Exploring Turkey’s Political Crises Through Symbols of Byzantine Supremacy

Viron Erol Vert’s exhibition at Kunstraum Kreuzberg/Bethanien questions political, historical, and cultural paradigms and the role of power in them.

Viron Erol Vert, “Long Live Your Balls” (2017) (all photos by the author for Hyperallergic)

BERLIN — Born in the Purple, currently on view at Kunstraum Kreuzberg/Bethanien, is an exhibition by Berlin and Istanbul–based artist Viron Erol Vert. The show unfolds through many different rooms, creating a bizarre ambiance reminiscent of a family home where patterns, everyday objects, photographs, books, and melodies are collaged into large-scale installations. Shoes must be taken off before entering the first room, where viewers walk through carpeted floors and Turkish rugs lit by shiny, ostentatious chandeliers, while fragments of Nina Simone’s “Strange Fruit” emanate from another room.

Born in the Purple, installation view

Vert’s interdisciplinary work questions political, historical, and cultural paradigms and the intrinsic role of power in these structures. The pieces evoke a nostalgic, intimate atmosphere charged with humor, while also evidencing a fragile process of cross-cultural identity. The artist’s eccentric mix of ancestral roots (Levantine, Greek-Orthodox, Armenian, Arab, and Sephardi) is key to the aesthetic and conceptual framework of the exhibition. The use of purple in lighting, drapes, and carpets references the luxurious hegemonic status and ruling class of the Byzantine Empire, when purple dye, obtained from sea snails, was extremely expensive to produce. These longtime traditional elements shape culture and thinking, setting up the following inquiries: How are Istanbul’s ancient supremacy paradigms relevant to recent history and culture? And how are these driving forces shaping current political and existential crises?

Viron Erol Vert, “An Armenian in the Kitchen, a Greek in Bed” (2017)

The phrase “born in the purple” is the literal translation of the Greek word Porphyrogennetos, an honorific title from the Byzantine Empire that was given to the emperor’s son or daughter, who was born in a special chamber called a Porphyra. As part of the exhibition, Vert encourages guests to join The Polyphora Club, a discursive, open space within a room that is the largest installation in the show. The Polyphora Club invites international thinkers, artists, curators, and researchers — like Turkish activist and writer Defne Koryürek, Doctor of European Ethnology Dr. Jonas Tinius, and New York–based artist, curator, and critic Mohammad Salemy — to share and discuss urgent political and philosophical questions that are not only relevant to Turkish sociopolitical complexities, but have become global to the point of complete abstraction and intricacy. Lectures, conversations, symposia, video screenings, and open conversations take place once or twice a week, and during these events, delicious Turkish food is shared. Presented by Australian, Berlin-based cook and artist Denise Palma Ferrante, these traditional Istanbulian recipes extend the theme of the show into the culinary sphere, reflecting Mediterranean and Middle Eastern influences.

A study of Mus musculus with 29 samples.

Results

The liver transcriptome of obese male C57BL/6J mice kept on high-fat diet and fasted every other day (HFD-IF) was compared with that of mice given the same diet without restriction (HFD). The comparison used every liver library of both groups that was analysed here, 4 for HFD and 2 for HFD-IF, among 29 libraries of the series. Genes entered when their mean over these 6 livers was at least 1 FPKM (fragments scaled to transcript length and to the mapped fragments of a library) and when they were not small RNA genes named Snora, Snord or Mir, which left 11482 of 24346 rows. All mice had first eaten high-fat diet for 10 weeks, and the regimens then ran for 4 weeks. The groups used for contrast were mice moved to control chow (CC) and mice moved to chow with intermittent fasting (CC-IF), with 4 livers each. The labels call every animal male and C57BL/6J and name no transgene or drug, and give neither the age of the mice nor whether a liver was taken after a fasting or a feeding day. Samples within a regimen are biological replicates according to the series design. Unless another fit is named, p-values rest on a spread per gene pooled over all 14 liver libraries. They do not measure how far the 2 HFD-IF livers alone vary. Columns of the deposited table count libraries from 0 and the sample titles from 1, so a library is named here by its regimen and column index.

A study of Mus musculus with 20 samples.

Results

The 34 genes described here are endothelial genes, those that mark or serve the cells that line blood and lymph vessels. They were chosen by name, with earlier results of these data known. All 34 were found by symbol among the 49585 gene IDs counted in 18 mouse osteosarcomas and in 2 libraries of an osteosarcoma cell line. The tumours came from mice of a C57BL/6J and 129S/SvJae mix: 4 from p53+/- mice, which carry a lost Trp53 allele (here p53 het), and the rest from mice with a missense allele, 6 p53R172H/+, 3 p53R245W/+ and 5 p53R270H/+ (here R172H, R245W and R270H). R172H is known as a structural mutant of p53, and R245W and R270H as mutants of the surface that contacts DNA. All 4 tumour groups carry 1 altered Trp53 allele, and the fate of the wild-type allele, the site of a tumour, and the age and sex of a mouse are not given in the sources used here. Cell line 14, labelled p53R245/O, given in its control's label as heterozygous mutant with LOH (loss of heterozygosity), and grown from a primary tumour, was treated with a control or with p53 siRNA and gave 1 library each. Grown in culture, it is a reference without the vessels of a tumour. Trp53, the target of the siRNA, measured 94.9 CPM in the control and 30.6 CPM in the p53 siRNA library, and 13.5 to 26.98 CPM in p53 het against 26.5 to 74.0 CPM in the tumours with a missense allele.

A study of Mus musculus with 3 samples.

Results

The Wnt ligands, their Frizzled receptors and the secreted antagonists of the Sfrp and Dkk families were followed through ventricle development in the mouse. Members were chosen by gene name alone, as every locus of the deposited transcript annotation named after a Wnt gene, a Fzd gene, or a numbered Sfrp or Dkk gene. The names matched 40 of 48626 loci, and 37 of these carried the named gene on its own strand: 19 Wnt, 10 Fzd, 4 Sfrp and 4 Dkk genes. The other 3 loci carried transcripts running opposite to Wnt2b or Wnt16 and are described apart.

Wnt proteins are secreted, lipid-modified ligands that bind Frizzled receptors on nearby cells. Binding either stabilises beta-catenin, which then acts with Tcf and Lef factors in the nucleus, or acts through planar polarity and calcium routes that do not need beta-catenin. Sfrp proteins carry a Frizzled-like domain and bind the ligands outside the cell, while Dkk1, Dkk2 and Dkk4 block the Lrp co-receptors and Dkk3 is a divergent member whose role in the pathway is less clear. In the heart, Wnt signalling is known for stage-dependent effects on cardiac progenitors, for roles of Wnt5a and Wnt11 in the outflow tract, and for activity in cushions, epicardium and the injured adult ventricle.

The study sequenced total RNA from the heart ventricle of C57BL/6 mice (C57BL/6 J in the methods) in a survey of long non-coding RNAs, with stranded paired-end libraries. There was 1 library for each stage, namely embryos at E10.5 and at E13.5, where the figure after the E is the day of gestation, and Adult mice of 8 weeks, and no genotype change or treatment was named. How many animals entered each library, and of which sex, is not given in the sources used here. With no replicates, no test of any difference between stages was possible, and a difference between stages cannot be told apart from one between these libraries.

“The Polphyra Club” during Mohammad Salemy’s symposium
“The Polphyra Club” during Mohammad Salemy’s symposium

The artist’s interest in mythological content is an engaging element in his work, revealing the fluid interaction between an individual’s subjective construction of identity and the construction of history as an “official” narrative. Myth is explored through a contemporary perspective, comprehended as the foundation for social dynamics and subconscious thought processes. For instance, in “Long Live Your Balls” (2017), an installation using two different rooms at the end of the hallway, lead sculptures and neon lights are put together, while a poster portrays a blown-up image of an eye gradually shutting, frame by frame. The image of the open eye, installed in one of the rooms at a high-altitude, descends to the floor, then rises into the following room when the eye is finally closed. The interplay of mediums functions as a dialectical disclosure of today’s multicultural societies in the Middle East and Europe, using the rhetoric of propaganda alongside classical and contemporary art media. The works on view become an active, ontological theater where layers of content — archeology, history, memory, family — evolve into a fragile, uncertain arena that is neither in the realms of poetics nor politics.

“Porphyrogennetos” (2017), an abstract video animation with psychedelic forms descending, growing, and moving, is the piece accompanied by Nina Simone’s voice. The video discloses a phenomenological space, perhaps an alternating reality — similar to the space of dreams — that invites the viewer to detach from the geopolitical, cultural paradigms where ideological power structures reign.

The long-explored connection between the poetic and the political is developed and expanded in Born in the Purple. Yet a sense of absence, a missing part, is always present in Vert’s work. This lack of completeness may be the driving force behind his subjective construction (or deconstruction) of identity, which is never fully understood.

Viron Erol Vert, “How Nice the Gladioli Are” (2017)
In “The Polphyra Club”

Born in the Purple continues at Kunstraum Kreuzberg/Bethanien (Mariannenplatz 2, 10997, Berlin ) through August 27.